John Sundman is the author of a single book (thus far), Acts of the Apostles. He is also a fascinating fellow; throughout his life, he has been a truck driver, chair of the Software Development Architecture Team of Sun Microsystems, and construction laborer on an Internet billionaire's island trophy house. He is the only author to move me so much that I actually called him to complement him on his work; we had an hour long phone chat and I now own an autographed copy of the novel.
Basically, John Sundman is not a writer. His main career has been software engineering, with a great deal of success at Sun Microsystems. He's also worked a great number of odd jobs. Not much biographical information is available about him. All I can comment on is what I learned about him when I called him up (and, no, I won't reveal his phone number; it was something that I probably should not have done, but he thanked me at the end of the call and I wound up with an autographed copy of the book in the mail).
He took two years off of work to write Acts of the Apostles, which was a risky career move to say the least. Once he was done, he felt it was a fine work of science fiction, so he took it to several book publishers. They all flat-out rejected him. As a last resort, he invested his life savings in his own publishing company, printing off his own first run of the novel, hoping to sell enough copies to independent book stores to make his money back.
The book's popularity spread by word of mouth, aided greatly by an adulatory review by Hemos on the well-read website Slashdot in 2000. John did his part, actively trying to promote his own book via the internet and in bookstores, sometimes meeting a bit of success, sometimes meeting failure. According to him, sometime in the middle of 2000, the sales reached a critical mass (about 1,500 copies sold) and he was able to turn a small profit on the book, enough to be able to partially finance him as he wrote a second novel, which he was just beginning when I talked to him on the phone in October of 2000.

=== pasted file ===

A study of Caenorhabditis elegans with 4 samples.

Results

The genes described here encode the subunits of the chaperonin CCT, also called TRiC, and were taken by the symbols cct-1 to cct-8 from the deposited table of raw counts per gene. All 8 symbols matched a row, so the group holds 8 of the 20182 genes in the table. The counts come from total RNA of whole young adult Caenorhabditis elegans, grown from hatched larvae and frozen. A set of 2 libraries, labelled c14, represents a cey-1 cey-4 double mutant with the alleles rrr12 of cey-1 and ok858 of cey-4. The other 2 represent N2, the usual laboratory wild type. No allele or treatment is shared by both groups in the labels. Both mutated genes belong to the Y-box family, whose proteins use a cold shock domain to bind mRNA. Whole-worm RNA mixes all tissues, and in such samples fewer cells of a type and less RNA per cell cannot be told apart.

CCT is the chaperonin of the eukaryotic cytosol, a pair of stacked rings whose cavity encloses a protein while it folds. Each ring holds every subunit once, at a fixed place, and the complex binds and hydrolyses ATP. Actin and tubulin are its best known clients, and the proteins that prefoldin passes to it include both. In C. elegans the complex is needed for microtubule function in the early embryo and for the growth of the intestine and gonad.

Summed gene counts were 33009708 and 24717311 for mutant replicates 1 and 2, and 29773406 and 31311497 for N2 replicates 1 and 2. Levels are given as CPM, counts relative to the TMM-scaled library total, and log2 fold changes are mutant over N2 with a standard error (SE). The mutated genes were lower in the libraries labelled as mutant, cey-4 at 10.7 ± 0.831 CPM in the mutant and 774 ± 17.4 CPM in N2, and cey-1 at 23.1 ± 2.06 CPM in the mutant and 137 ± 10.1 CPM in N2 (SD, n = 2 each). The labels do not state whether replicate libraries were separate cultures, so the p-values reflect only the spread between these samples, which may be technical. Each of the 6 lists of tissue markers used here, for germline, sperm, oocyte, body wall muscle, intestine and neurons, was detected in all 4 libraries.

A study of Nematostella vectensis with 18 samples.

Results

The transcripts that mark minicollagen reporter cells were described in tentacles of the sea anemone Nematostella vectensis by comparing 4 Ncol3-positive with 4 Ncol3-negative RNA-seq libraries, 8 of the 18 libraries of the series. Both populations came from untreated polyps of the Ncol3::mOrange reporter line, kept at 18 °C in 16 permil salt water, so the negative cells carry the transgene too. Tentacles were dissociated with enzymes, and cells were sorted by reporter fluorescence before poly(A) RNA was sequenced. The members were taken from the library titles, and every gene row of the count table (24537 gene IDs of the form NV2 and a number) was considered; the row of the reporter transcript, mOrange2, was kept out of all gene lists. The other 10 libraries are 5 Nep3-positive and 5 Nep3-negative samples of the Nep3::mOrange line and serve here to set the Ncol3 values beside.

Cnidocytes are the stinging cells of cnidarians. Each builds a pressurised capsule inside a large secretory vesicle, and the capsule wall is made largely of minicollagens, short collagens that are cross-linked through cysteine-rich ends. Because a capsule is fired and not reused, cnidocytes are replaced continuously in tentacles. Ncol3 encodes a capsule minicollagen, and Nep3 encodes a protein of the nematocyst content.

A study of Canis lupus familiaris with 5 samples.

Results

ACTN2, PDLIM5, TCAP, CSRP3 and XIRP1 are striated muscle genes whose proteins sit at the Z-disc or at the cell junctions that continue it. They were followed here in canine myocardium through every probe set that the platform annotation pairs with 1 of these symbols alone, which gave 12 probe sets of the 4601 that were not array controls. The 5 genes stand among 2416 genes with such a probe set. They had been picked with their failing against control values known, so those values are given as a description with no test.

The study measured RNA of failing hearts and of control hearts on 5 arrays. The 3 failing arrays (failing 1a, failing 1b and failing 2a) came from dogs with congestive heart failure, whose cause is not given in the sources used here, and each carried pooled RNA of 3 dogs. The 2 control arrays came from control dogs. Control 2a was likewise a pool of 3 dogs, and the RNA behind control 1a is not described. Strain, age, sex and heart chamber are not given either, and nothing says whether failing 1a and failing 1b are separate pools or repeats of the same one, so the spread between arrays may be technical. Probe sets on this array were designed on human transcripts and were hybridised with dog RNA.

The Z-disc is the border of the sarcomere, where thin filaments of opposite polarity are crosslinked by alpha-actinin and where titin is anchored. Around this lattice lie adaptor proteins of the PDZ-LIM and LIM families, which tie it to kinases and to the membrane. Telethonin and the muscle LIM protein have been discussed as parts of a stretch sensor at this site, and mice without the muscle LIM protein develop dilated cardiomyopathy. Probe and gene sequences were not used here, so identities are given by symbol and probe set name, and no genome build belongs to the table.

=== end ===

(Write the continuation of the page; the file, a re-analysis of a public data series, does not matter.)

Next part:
As a result of this experience, and the relative positive feedback that his efforts have received, he has become something of an icon in the self-publishing genre. He often admits to dreaming of being the next Walt Whitman, Mark Twain, or James Joyce, all of whom were self-publishers.
I was able to track down Acts of the Apostles in September of 2000, and I devoured it in a weekend. It is an extremely well-written and thought provoking piece of science fiction. The plot is deep and intense, but Sundman's style is such that you can easily put it down and pick it up again if you must. He builds interesting characters (Monty Meekman, for one) and besets them with many profound moral and ideological choices, which can trigger a great deal of reflection. Fortunately, Sundman's prose is such that you don't realize that an issue has been raised until you sit the book down or finish it; the story carries the book. That, my friends, is my definition of the sign of a great writer and a great novel.
I would compare his writing style to Isaac Asimov with a greater real-world basis, or perhaps Orson Scott Card without the intense ego of his more recent works. He writes science fiction with moral dilemmas very well.
The second book from his publishing company, Rosalita Associates, Cheap Complex Devices, is nearing release, or so I've heard through the grapevine. It's a collection of two novels written entirely by machine, which interests me greatly. I will eagerly track it down.
His only novel, Acts of the Apostles, has sold only 2,500 copies to date.
His website is utterly fascinating, at http://www.wetmachine.com/. It includes a long excerpt from Acts of the Apostles and a taste of Cheap Complex Devices, as well as a bit of background info on John Sundman. He is an author well worth reading, and in terms of average enjoyment of his works, is unquestionably my favorite author of all time.